A general view of a courtroom at the revolutionary court in Tehran, Aug. 25, 2009. Getty Images/AFP/HASSAN GHAEDI

One of the richest men in Iran, billionaire businessman Babak Zanjani was reportedly sentenced to death for corruption, justice officials told media Sunday. Zanjani was convicted after a long trial for fraudulently pocketing $2.8 billion.

The 41-year-old was convicted of fraud and economic crimes, and apart from facing the death penalty, he must also repay money to the state, judiciary spokesman Gholam Hossein Mohseni-Ejeie said at his weekly press conference, the Agence France-Presse reported.

Zanjani had become infamous during the era of former Iranian president Mahmoud Ahmadinejad for channeling hard cash from oil sales to Tehran despite financial sanctions imposed on the country’s banks by the U.S. and other Western powers. The U.S. and EU had blacklisted Zanjani for helping Iran evade sanctions in place at the time.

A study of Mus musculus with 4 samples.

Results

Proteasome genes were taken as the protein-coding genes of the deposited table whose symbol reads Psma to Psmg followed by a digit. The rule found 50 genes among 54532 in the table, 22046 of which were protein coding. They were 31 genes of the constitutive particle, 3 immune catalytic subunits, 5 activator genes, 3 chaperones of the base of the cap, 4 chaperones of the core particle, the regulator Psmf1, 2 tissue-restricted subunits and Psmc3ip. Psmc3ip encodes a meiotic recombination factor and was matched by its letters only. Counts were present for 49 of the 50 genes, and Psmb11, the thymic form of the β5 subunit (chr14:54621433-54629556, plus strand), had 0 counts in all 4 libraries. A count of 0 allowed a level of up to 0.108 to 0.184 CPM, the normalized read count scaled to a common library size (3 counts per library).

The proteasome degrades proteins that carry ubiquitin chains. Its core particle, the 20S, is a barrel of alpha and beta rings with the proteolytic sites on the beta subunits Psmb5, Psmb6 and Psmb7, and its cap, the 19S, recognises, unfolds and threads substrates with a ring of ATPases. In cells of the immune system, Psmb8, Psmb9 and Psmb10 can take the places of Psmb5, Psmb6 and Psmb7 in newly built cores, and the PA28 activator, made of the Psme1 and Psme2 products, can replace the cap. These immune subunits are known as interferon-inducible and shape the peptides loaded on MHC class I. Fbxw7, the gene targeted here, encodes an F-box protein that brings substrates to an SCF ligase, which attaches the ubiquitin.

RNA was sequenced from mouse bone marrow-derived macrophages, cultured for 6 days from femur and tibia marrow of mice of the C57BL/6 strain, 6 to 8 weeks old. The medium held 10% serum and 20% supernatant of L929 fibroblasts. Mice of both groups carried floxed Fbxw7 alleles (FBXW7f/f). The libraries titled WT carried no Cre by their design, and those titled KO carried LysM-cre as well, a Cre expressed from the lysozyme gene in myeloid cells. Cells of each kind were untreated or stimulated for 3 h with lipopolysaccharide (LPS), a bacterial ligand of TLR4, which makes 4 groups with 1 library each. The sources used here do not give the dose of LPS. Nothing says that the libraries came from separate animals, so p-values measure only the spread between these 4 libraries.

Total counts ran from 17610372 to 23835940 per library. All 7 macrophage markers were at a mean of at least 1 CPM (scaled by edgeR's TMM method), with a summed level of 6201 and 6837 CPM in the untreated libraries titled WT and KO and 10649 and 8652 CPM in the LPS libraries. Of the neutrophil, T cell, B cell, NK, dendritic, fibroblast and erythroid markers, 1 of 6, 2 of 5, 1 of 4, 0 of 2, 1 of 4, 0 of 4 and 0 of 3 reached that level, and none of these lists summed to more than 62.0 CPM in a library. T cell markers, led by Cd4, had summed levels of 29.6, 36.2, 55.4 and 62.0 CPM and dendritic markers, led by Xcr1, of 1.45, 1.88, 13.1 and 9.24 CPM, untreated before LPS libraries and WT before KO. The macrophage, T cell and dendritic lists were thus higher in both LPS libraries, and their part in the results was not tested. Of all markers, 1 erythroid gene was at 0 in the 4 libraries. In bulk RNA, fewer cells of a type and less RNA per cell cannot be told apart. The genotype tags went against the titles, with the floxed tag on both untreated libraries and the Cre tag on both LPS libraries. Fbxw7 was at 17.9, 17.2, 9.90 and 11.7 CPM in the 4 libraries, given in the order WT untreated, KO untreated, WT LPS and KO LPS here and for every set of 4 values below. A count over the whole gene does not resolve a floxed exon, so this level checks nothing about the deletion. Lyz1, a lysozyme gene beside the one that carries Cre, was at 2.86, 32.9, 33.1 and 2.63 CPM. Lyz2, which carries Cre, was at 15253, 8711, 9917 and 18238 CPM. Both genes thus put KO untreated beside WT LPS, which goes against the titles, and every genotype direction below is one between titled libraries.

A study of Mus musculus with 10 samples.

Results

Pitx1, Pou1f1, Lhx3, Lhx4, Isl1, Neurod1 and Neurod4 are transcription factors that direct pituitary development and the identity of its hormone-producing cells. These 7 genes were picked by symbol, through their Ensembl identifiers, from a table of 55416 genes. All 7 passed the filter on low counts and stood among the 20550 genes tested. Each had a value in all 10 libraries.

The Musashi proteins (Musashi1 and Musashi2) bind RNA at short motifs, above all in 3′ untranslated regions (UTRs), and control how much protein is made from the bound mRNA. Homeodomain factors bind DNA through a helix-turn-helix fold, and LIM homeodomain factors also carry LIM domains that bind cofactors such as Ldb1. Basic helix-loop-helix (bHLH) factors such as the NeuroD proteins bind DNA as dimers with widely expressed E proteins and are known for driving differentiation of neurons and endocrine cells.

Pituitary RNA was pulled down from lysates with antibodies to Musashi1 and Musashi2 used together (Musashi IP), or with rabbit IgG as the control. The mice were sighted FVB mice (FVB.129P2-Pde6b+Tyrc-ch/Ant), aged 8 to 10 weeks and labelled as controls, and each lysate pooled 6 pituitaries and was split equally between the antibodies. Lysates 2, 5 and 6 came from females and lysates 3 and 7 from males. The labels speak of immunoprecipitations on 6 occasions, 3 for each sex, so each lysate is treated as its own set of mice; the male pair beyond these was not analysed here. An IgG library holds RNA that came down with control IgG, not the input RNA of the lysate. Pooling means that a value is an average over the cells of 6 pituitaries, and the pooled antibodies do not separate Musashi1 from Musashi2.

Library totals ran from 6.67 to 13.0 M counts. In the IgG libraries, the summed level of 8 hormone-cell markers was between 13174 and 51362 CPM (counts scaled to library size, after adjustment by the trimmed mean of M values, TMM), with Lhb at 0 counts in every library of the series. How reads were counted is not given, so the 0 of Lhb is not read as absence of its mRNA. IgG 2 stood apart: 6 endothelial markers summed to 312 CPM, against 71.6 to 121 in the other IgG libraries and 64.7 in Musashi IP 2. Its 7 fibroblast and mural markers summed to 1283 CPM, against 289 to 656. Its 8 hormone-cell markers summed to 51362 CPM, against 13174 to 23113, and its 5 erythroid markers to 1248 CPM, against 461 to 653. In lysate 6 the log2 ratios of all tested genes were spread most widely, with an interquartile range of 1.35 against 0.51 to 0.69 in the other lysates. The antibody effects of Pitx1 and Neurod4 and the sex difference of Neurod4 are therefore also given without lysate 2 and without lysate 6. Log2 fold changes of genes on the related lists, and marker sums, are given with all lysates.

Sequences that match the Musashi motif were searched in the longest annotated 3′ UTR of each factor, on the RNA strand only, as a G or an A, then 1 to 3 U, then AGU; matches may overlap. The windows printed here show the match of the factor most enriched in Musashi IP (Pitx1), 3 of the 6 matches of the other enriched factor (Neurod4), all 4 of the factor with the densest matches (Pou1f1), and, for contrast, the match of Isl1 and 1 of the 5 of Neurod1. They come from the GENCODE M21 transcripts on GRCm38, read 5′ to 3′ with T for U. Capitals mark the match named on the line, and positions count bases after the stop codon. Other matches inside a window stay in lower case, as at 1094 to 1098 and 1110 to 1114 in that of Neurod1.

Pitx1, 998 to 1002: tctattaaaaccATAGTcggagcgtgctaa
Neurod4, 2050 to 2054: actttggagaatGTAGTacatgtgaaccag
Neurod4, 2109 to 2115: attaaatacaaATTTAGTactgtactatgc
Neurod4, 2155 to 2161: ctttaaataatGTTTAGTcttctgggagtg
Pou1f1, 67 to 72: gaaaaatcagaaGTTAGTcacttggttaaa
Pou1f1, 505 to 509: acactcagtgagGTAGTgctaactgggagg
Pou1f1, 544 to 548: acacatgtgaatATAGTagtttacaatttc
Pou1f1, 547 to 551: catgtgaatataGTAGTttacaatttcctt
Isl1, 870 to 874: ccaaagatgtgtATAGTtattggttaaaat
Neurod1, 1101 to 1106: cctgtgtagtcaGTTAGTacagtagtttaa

The public trial — a rarity in Iran for such a major case — convicted Zanjani and two others of "corruption on Earth", the most serious offence under the country's criminal code. The three defendants were sentenced to death and were ordered to pay a "fine equal to one fourth of the money that was laundered," Mohseni-Ejeie reportedly said without specifying the sum.

Zanjani admitted to using a web of companies in the United Arab Emirates, Turkey and Malaysia to sell millions of barrels of Iranian oil on behalf of the government since 2010, but denied any wrongdoing and insisted that international sanctions were preventing him from handing over $1.2 billion still owed to the government. He was arrested in December 2013.

The case followed a crackdown on corruption by President Hassan Rouhani, who ordered his government to fight "financial corruption," particularly "privileged figures" who had "taken advantage of economic sanctions."